INBTWN Animation, the official online event partner of Cartoon Brew, caught up with the film’s director Joel Crawford to discuss the responsibility of taking on the Puss in Boots character as well as the unique artistic and narrative choices he and his team explored in the film.
Watch the full conversation here:
From the first sequence, one immediately notices the painterly textures that permeate Puss in Boots: The Last Wish. Crawford confesses, “I didn’t originate the idea [that] this could look like a fairytale painting,” as he came on board later in the feature’s development.
“Nate Wragg, the production designer, really helmed that and found that right balance where it feels like you’re in a painting, but also it’s still cg.” As Crawford mentions, the visual development was led by Wragg, but the aesthetic seeds had been planted a decade earlier, during the production of the original Puss in Boots.
When Crawford came on board, after directing The Croods: A New Age, he asked himself about the film’s updated look, “How do these ingredients fit together? And I got so excited about the potential of that.”
According to Crawford, a big part of the confidence to push for something different with The Last Wish’s aesthetic came from other successful films, such as Spider-Man: Into the Spider-Verse. They also dipped into the visual language of Spaghetti Westerns. “Januel Mercado [the film’s co-director] and myself love Sergio Leone, spaghetti westerns. And so, you want these big vistas, but not just replicating what was done.”
There is a clear line of influence from The Good, The Bad, and The Ugly, although Crawford explains they mixed up the formula so that “instead of the Ugly, we said The Good, the Bad, and the Goldi”, referencing the major fairy tale players utilized in their film.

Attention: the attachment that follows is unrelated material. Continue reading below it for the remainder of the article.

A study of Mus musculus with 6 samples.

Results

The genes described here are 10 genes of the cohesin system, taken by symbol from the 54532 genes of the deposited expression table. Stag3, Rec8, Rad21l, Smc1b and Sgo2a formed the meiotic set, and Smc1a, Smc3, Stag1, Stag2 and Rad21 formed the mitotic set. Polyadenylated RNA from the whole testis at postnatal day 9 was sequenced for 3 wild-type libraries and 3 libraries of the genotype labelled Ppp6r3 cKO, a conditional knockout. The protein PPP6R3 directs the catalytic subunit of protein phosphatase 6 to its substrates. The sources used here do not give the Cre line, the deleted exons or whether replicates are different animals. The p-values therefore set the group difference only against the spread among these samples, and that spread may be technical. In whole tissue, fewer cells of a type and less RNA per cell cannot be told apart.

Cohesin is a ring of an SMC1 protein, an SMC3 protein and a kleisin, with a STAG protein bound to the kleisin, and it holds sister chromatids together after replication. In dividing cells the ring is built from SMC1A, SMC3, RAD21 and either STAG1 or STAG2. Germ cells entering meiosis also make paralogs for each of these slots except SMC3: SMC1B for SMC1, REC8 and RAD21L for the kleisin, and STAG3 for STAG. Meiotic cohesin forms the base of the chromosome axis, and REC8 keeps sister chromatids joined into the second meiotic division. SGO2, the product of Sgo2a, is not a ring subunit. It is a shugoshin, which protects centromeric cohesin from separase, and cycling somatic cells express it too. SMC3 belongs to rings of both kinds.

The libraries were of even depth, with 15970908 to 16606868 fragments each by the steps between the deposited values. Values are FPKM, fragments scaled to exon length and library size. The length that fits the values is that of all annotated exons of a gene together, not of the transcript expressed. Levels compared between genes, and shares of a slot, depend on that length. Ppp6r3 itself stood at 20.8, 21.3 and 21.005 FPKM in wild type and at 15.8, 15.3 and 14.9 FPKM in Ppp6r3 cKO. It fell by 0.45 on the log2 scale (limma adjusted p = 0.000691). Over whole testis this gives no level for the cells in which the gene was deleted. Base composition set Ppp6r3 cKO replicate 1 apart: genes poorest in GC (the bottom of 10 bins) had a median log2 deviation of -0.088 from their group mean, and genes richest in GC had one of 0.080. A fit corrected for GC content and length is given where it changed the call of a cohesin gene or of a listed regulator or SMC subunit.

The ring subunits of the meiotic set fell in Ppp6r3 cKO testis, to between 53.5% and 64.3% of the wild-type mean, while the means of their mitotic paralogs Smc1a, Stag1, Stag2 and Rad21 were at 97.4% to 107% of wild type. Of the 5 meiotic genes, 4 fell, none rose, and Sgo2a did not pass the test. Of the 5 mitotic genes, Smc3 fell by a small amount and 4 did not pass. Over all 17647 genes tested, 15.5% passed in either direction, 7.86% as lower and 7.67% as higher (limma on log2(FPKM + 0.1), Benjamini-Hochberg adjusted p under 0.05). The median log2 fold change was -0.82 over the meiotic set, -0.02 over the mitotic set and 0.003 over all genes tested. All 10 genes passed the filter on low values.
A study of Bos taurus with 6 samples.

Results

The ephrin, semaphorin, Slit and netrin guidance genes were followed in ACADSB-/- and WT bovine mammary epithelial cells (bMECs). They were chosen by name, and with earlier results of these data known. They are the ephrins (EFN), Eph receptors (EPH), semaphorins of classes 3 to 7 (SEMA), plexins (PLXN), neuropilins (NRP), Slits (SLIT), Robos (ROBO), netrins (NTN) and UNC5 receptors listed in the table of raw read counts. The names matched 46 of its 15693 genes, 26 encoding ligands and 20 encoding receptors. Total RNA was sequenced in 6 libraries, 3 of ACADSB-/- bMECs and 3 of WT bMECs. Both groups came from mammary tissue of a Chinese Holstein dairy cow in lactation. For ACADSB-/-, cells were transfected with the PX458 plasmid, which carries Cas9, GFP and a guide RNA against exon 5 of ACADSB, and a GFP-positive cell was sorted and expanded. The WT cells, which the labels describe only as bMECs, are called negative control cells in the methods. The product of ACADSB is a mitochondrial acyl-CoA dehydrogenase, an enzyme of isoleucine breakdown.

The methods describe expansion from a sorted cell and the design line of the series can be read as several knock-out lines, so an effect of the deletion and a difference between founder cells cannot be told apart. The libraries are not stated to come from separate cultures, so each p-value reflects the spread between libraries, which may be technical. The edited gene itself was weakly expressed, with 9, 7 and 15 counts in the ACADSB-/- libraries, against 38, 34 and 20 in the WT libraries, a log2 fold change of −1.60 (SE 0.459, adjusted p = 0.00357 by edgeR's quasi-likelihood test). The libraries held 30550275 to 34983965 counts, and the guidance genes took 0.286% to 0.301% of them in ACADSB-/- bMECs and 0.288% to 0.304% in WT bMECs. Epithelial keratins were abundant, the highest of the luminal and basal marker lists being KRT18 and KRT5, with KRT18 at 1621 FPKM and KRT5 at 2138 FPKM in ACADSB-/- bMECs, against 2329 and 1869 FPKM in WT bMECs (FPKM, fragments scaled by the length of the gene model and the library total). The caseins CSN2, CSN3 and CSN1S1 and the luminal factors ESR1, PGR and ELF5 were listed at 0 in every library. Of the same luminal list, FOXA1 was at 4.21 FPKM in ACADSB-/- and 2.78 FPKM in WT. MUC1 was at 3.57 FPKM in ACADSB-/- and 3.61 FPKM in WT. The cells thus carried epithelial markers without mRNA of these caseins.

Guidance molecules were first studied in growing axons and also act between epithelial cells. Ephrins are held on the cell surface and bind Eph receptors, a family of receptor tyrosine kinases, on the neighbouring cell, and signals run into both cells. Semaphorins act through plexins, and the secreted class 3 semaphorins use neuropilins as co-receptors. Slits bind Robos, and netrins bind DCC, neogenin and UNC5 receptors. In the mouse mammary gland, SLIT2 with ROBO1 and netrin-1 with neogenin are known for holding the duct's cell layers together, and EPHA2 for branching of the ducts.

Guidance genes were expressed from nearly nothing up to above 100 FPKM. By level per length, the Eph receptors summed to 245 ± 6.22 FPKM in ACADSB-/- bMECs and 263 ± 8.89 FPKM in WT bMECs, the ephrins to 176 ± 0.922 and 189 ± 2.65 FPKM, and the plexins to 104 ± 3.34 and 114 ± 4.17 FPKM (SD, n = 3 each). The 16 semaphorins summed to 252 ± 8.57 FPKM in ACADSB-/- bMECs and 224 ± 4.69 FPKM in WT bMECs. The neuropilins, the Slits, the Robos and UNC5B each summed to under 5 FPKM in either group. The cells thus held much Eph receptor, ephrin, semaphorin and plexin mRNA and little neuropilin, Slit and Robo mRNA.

Another area where Crawford and his team were able to experiment was with character movement. Like with Dreamworks’ other recent theatrical release, The Bad Guys, the Puss in Boots crew wanted to experiment with different frame rates and holding key poses within action scenes. “In moments that are fantastical, Puss is a superhero using the stepped animation that doesn’t feel grounded. It feels more exciting than life.”
Playing with the action sequences, the crew often reduced the character’s movement down to 2s, 4s, and even more limited frame counts. Whereas, “in very grounded moments, like… where Puss is feeling fear and, you know, this panic attack, it’s very real,” they animated on 1s, creating an artistic contrast between the larger-than-life sequences and the gentler, emotional moments.
Of the film’s narrative, Crawford says, “We knew that you start with his fairy tale of a cat with nine lives and he only has one left. Then the reality under that is, this is a story about mortality.” To tell that story, Crawford had to approach these familiar characters from an entirely new angle. When the once-fearless Puss in Boots feels true terror, there’s a responsibility built into addressing his emotions.
“That was our quest, to go, ‘How are we gonna show vulnerability throughout this story?'” Crawford recalls, addressing the issues that the film’s heroic various protagonists face. “There’s vulnerability and there’s flaw, and you force them into situations where their shields are down, they had no choice, and and you kind of get these organic moments.”
Summing up his thoughts, Crawford explains, “They’re sophisticated stories and I think that’s really what we hope to keep pushing along is that… animation can do so much, and for so many, not just for a younger audience.”